By James Dacey
The planet Venus may be named after the Roman god of love and beauty, but from what we know about our neighbouring planet, it appears to specialize in a particularly fiery sort of romance. It has a surface dominated by volcanism, and an atmosphere roiled by a runaway greenhouse effect, where sulphuric acid rains down amid a blitzkrieg of lightning strikes. It makes me think that the miserable sort of weather we’ve being experiencing in the UK of late is perhaps not so bad after all.
New research published yesterday in Nature Geoscience has shed more light on the tormented atmosphere of Venus. These images, analysed in the study, reveal that a vortex flow at the south pole of Venus is more chaotic than previously thought. The researchers, all based in Europe, have studied this region of the atmosphere using infrared images from the VIRTIS instrument aboard the European Space Agency’s Venus Express spacecraft. They were able to observe how the south polar vortex of Venus changes its shape day to day.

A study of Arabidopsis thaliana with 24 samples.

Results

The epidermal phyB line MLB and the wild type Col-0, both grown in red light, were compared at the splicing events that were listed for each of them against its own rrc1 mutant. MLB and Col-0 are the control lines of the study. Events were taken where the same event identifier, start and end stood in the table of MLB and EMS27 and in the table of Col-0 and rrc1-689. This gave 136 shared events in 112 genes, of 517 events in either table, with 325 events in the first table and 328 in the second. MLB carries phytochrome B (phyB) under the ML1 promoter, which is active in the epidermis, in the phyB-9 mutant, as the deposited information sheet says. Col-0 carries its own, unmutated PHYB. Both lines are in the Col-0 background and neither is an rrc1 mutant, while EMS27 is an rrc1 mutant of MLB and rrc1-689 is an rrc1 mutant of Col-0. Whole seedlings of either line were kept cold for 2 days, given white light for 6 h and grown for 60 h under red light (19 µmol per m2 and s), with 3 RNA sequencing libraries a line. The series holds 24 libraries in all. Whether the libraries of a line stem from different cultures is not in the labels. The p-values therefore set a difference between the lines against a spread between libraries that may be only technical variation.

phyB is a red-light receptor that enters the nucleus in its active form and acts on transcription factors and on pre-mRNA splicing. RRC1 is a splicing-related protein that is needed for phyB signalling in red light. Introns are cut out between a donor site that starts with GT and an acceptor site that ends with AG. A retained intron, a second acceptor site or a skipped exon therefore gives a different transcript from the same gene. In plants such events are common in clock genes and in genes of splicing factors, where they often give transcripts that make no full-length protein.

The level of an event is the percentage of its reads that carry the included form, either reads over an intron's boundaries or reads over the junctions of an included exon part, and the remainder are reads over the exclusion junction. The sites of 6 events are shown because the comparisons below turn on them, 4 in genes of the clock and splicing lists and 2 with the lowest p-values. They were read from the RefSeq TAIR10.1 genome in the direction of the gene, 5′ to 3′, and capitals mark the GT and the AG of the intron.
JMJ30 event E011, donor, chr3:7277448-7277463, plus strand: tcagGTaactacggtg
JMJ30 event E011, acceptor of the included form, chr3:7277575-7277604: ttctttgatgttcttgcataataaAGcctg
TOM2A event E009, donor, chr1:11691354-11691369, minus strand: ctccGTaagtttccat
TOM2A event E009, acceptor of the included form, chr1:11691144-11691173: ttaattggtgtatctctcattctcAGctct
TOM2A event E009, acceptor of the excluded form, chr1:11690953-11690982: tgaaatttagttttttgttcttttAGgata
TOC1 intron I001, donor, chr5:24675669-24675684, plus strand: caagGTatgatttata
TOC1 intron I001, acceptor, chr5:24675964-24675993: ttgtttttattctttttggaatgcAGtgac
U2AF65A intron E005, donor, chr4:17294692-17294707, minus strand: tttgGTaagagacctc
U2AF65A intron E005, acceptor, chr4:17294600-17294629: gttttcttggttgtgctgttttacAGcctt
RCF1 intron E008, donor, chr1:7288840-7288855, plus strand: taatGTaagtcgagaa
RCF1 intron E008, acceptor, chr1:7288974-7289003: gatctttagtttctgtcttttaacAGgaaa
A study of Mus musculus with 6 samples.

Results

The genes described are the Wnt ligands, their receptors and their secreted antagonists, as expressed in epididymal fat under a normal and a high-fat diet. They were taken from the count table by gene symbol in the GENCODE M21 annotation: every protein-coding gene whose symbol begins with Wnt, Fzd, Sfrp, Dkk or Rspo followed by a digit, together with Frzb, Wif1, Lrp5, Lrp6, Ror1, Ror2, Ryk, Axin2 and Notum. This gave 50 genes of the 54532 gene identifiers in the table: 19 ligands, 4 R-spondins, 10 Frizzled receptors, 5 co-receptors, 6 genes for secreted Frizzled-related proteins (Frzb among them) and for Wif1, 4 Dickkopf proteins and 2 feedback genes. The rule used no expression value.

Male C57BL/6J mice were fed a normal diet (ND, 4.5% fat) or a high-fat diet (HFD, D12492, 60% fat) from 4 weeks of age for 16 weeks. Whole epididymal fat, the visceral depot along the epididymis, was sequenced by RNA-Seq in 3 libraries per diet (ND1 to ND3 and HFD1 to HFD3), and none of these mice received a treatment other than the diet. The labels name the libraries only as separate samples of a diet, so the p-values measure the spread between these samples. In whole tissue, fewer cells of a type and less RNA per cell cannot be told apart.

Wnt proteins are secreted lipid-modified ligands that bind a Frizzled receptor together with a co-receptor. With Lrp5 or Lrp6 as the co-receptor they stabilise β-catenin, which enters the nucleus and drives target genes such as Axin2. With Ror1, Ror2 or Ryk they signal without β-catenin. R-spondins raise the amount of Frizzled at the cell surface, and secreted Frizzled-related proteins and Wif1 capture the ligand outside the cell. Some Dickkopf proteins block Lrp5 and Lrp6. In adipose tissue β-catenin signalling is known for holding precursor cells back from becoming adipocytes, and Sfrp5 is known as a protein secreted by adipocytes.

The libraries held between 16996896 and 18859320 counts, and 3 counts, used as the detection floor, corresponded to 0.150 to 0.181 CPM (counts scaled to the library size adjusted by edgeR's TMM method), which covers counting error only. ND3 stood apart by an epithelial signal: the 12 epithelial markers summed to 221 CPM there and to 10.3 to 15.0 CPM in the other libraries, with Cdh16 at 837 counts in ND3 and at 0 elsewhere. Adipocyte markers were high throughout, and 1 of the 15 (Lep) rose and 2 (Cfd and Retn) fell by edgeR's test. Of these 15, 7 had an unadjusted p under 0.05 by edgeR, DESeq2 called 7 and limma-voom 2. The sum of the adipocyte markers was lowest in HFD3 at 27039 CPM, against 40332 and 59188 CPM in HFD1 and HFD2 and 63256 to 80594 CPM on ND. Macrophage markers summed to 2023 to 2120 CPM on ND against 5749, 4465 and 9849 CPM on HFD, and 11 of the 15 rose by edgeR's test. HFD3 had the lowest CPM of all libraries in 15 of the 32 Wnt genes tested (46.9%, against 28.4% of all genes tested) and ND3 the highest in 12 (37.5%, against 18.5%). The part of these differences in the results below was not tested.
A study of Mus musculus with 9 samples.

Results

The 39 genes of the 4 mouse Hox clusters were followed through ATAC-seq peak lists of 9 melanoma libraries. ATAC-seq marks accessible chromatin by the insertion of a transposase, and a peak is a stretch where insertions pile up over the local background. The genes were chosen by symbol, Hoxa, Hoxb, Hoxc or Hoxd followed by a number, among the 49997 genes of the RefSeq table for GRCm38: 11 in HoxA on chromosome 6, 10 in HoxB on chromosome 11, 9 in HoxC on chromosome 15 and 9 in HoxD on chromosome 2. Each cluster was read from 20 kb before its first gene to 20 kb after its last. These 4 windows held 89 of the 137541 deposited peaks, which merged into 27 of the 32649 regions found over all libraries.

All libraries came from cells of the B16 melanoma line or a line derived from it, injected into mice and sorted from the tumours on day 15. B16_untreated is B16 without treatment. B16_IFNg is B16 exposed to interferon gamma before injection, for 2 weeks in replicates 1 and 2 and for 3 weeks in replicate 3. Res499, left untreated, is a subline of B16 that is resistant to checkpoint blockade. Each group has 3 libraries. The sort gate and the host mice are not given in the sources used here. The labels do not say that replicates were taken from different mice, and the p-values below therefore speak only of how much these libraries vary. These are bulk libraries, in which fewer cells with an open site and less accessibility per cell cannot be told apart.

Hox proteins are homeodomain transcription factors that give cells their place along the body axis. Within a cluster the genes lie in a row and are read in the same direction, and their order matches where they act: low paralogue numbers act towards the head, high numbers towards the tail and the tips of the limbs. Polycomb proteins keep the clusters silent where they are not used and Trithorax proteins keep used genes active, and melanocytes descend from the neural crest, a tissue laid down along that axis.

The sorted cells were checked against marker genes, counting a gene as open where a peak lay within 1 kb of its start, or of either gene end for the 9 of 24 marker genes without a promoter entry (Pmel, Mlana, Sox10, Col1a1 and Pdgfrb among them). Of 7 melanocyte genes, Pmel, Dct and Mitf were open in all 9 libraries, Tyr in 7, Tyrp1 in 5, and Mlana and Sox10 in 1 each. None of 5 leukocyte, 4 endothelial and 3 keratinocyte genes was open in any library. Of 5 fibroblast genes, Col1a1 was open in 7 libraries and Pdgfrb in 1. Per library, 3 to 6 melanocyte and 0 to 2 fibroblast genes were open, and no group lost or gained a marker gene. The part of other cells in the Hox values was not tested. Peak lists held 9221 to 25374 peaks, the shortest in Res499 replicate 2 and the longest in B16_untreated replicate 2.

The upper panel of images show cloud motion at 63 km above the surface of the planet, and the lower images show clouds at the 42 km level. The researchers, led by Itziar Garate-Lopez at the Universidad del País Vasco in Spain, conclude that the south polar vortex is a long-lived and unpredictable feature. They say that the centres of rotation of these two different cloud levels are rarely aligned and that they wander erratically around the planet’s south pole with velocities up to 16 m/s.
If the dreaded time does arrive when we need to relocate to one of our neighbours, I think I’ll be boarding the Martian Express!